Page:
Amtrak, MTA reach deal to fund Penn Station Access, East River tunnel repairs

By | December 14, 2021

Amtrak will contribute $500 million toward Metro-North project; MTA will spend up to $432 million to repair tunnels

Map showing location of new Metro-North stations in the Bronx
Amtrak will help fund the Penn Station Access plan, which will add four Metro-North stops on its Northeast Corridor route north of Manhattan. (Metropolitan Transportation Authority)

NEW YORK — Amtrak and New York’s Metropolitan Transportation Authority have reached agreement on funding two projects to aid rail travel in the New York City area.

The New York Times reports that, in a deal brokered by Sen. Chuck Schumer (D-N.Y.), Amtrak will use $500 million of the money it received from the recently signed $1.2 trillion infrastructure bill toward the $2.87 billion Penn Station Access project, which will use Amtrak’s route north of the city to allow Metro-North commuter trains to reach Penn Station [see “Plan to bring Metro-North service to Penn Station gets federal approval,” Trains News Wire, Sept. 29, 2021].

In return, the MTA will spend as much as $432 million on a $1.3 billion project to repair Amtrak’s East River tunnels, which are also used by Long Island Rail Road trains. Those tunnels were damaged by flooding during Hurricane Sandy in 2012.

“The East River Tunnels are the most important link in the commute of hundreds of thousands of Long Islanders,” Schumer told the Times, “and a problem in one tunnel — like we have seen in the past — creates a nightmarish domino effect for the entire LIRR system, and that’s not acceptable, and now it will be addressed.”

6 thoughts on “Amtrak, MTA reach deal to fund Penn Station Access, East River tunnel repairs

  1. Sounds like a good project that could benefit many riders. As I have posted before, Co-Op city has existed for about 50 to 55 years without decent transit. In contrast the big residential development on the former site of the Glenview Naval Air Station north of Chicago has had a Metra stop all along.

    I have two questions about the details. (1) Projected travel time to Penn Station via Hell Gate Bridge compared to Grand Central. (2) How convenient will the Co-op City station stop be to the residents.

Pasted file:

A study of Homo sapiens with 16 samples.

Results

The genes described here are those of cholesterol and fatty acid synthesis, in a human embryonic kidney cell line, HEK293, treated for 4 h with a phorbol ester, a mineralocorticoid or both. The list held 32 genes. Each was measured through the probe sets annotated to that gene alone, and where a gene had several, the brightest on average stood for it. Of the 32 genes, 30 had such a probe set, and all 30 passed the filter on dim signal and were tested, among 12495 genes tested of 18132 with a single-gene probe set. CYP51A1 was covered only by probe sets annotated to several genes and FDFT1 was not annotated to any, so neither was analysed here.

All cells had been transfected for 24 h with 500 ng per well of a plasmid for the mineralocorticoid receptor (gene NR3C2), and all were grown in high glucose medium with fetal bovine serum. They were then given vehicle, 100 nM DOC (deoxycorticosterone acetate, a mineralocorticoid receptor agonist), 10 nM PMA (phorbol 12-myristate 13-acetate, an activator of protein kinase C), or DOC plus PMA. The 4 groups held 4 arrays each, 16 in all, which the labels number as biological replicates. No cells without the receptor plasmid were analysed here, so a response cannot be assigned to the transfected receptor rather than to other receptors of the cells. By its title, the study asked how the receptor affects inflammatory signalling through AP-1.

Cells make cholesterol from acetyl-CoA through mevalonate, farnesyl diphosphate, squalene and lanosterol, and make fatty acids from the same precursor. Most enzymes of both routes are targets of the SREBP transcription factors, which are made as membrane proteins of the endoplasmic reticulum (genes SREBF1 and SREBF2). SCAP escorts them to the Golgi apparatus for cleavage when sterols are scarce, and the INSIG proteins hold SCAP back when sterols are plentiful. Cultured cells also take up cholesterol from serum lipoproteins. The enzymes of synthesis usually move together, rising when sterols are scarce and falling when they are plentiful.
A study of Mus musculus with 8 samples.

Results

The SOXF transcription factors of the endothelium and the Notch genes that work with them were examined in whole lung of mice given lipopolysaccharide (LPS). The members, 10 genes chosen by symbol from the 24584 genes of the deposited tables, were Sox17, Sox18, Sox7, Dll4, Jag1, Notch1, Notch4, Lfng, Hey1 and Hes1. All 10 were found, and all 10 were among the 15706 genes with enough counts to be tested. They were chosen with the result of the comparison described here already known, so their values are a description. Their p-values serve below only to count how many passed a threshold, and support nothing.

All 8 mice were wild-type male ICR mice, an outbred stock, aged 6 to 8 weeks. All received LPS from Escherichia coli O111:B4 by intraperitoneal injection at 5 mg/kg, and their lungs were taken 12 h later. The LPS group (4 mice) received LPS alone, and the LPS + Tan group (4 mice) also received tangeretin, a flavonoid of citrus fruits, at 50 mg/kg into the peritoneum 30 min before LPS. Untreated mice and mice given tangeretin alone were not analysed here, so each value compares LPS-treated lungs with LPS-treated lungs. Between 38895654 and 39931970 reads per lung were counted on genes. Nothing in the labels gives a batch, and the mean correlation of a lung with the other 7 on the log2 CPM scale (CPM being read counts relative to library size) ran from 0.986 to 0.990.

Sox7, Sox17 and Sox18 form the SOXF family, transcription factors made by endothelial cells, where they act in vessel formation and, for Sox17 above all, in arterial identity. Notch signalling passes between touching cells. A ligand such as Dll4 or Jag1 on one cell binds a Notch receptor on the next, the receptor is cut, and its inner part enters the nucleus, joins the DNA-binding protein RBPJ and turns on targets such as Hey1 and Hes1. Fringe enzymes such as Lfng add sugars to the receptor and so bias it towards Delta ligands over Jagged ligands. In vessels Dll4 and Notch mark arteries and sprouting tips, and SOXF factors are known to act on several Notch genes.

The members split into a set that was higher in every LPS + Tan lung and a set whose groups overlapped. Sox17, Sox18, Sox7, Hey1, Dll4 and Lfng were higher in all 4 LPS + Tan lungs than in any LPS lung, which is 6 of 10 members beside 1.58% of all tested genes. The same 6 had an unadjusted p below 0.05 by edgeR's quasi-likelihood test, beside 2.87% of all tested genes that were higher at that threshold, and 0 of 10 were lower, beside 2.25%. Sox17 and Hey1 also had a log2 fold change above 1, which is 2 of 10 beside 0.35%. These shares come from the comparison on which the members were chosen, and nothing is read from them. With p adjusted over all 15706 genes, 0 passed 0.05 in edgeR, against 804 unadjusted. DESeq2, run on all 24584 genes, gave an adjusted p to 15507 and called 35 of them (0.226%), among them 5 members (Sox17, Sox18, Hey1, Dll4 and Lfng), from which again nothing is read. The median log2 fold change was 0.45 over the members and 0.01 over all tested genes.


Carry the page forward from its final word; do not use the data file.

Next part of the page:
Reply from New Yorkers would be appreciated.

    1. Would be interesting the cost as well since this is a commuter rail acting as a intercity rapid transit for these residents. Currently the LIRR has a city fare from Atlantic terminal in Brooklyn to Jamaica Queens for 5 bucks. I hope the metronorth will do something similar so that such a transit option is financially feasible for those in the surrounding community.

      1. Mr. Simon, what you suggest has merit given that a “city fare” is in effect on the LIRR Atlantic Terminal Branch. FWIW, it has been suggested that ridership at those 4 East Bronx stations may not be only to NYP. It’s possible there may be a reverse commute market from the East Bronx to the NH Line stations in NY and CT. At least pre-Covid, MNR operated on the Harlem Line a number of trains GCT-Southeast during the AM peak that stopped at in-city stations like Tremont and Fordham Road. There were even two trains that operated non-stop 125th Street-White Plains. The latter operated back to GCT in the evening peak.

  2. I cannot answer your questions Charles but I’ll instead offer another topic not mentioned in this piece. That of the aging and structurally deficient Pelham Bay Drawbridge. One of Amtrak’s initial conditions for MNR access was the replacement of PBD and that NYState pay 100% of the cost. A Railway Age article covered the deal former Gov. Cuomo struck for MNR access that kicked the PBD issue down the road, IIRC for at least a decade. That article included, in great detail, the issue of PBD’s structural issues. So the underpinnings of PSA are not just the East River Tunnels. I’m hugely in favor of PSA and the enhanced mobility it will bring to the people who have lived in a “transit desert” for generations. But what good will all the effort be if PBD fails not long after the service launches?

    1. Mark – Thanks for the post. Seems the New Haven Railroad is the gift that keeps on giving! (Or keeps on taking ……) Even without those drawbridges the New Haven Railroad would have gone broke.

      Going way back in history, to get from Boston to New York or Philadelphia, one boarded a ship because overland travel with all those rivers to cross was very difficult. Seems that in 300 years not much has changed.

      With very few exceptions, river traffic under those numerous NEC drawbridges is pleasure boats, almost 100% recreation, almost zero percent commerce. How much do those cabin cruisers pay for drawbridge construction or operation, or delay to trains? That I know of, nothing.

  3. Charles and any others still interested in this thread, here’s the link to the Railway Age article I referred to in my post above:
    https://www.railwayage.com/passenger/commuterregional/for-mta-amtrak-an-east-bronx-tale/?RAchannel=home
    Great pic of this 1907 creation. However, the article does not contain a section regarding the structural deficiency of the bridge. Cannot explain why I so recall that it did. Or perhaps I read it somewhere else.